Being a contrarian sounds easy. Look at what the investment herd is thinking, then bet against it. Sell what's popular, and buy what's hated. Sadly, it's just not that simple to make money. Each year, Citigroup analyst Robert Buckland looks at what would have happened had you bought the ten worst performers among the 250 biggest global stocks of the previous year, and shorted the ten best, says Robin Wigglesworth in the Financial Times.
The results are not pretty. Other than during major turning points (such as the tech bubble or 2008), this strategy would have done very badly. For 2017, it lost 18%, while most major markets saw double-digit gains. Since 1997, the strategy has lost 90%.
Contrarianism is then a lot harder to pull off than it looks. Markets unquestionably overreact, and it's this gap between reality and the market's distorted view that contrarians aim to exploit. But that doesn't mean every popular stock is popular for the wrong reasons, nor that detested stocks are fated to recover. A stock that has fallen by 80% from a recent high might be unfairly marked down or it could be the first stop on the way to bankruptcy.
No strategy works forever
One mechanical strategy with a contrarian tinge that might deliver market-beating returns is the "dogs" strategy. Invest equal amounts in the ten FTSE 100 shares with the highest dividend yields (indicating they're somewhat out of favour), then hold for a year. For example, in the 15 years to the end of January 2017, the "Footsie dogs" portfolio compiled by Money Observer enjoyed an annual average total return of just over 12%, compared with 4.8% for the FTSE 100. Last year's picks are also holding their own.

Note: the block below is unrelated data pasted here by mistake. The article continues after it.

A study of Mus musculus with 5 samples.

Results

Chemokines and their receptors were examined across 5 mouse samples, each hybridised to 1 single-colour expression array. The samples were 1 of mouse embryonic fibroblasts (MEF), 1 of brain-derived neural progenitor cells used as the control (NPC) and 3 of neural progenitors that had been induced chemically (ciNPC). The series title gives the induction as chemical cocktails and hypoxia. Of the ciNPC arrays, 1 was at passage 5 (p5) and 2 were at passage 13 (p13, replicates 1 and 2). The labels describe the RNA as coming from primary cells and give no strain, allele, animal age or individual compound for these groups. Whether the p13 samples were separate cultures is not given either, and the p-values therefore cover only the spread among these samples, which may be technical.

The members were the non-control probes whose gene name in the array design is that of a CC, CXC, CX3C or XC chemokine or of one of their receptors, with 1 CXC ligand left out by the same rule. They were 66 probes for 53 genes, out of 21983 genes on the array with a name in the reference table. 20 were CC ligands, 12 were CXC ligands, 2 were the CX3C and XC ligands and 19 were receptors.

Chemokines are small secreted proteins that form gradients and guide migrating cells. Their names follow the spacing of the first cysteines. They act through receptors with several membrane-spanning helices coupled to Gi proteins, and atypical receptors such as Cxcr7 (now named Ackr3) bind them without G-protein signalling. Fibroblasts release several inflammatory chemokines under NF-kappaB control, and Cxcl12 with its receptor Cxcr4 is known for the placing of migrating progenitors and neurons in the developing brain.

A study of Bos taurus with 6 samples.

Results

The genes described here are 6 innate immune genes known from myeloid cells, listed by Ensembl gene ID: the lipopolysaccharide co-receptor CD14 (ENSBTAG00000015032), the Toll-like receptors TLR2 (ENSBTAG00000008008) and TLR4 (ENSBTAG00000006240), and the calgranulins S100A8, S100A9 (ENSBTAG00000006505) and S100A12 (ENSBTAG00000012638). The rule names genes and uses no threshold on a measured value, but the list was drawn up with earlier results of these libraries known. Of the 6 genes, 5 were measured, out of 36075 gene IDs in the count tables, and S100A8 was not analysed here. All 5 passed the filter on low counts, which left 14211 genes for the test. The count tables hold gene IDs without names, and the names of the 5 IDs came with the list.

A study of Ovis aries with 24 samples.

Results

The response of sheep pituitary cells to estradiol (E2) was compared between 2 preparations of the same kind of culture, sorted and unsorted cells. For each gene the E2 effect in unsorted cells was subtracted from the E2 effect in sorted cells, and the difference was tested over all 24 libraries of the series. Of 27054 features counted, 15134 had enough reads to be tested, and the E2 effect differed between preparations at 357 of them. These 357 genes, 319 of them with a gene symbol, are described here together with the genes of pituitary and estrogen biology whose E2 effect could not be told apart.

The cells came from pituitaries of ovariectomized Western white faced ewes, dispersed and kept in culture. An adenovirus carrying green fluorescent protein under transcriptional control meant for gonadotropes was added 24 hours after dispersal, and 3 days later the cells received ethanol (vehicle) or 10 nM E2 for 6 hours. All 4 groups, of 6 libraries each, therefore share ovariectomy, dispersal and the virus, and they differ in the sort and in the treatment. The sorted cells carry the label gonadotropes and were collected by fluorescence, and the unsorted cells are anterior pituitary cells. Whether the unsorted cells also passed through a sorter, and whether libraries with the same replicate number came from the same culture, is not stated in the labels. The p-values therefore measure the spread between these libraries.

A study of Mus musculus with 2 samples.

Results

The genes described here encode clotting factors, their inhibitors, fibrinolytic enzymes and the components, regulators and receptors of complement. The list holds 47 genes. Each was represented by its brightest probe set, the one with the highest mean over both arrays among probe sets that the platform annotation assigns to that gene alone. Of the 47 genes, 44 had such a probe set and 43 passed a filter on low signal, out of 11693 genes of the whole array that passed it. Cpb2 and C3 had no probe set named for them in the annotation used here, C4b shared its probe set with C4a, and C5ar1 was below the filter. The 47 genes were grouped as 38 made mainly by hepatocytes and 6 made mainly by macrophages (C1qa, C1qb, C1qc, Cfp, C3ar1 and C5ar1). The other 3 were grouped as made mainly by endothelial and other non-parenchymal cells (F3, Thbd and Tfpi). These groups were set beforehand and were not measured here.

One thing to be aware of this year, however, is that dividend cover (which measures how comfortably firms can meet their dividend promises) for the index is tighter than at any point since before the 2008 crisis, according to AJ Bell. In other words, there may be a greater chance of dividends being cut or dropped in the year ahead. Perhaps the real lesson is that, if you want to beat the market, there's no easy way around doing the legwork.
John is the executive editor of MoneyWeek and writes our daily investment email, Money Morning. John graduated from Strathclyde University with a degree in psychology in 1996 and has always been fascinated by the gap between the way the market works in theory and the way it works in practice, and by how our deep-rooted instincts work against our best interests as investors.
He started out in journalism by writing articles about the specific business challenges facing family firms. In 2003, he took a job on the finance desk of Teletext, where he spent two years covering the markets and breaking financial news. John joined MoneyWeek in 2005.
His work has been published in Families in Business, Shares magazine, Spear's Magazine, The Sunday Times, and The Spectator among others. He has also appeared as an expert commentator on BBC Radio 4's Today programme, BBC Radio Scotland, Newsnight, Daily Politics and Bloomberg. His first book, on contrarian investing, The Sceptical Investor, was released in March 2019. You can follow John on Twitter at @john_stepek.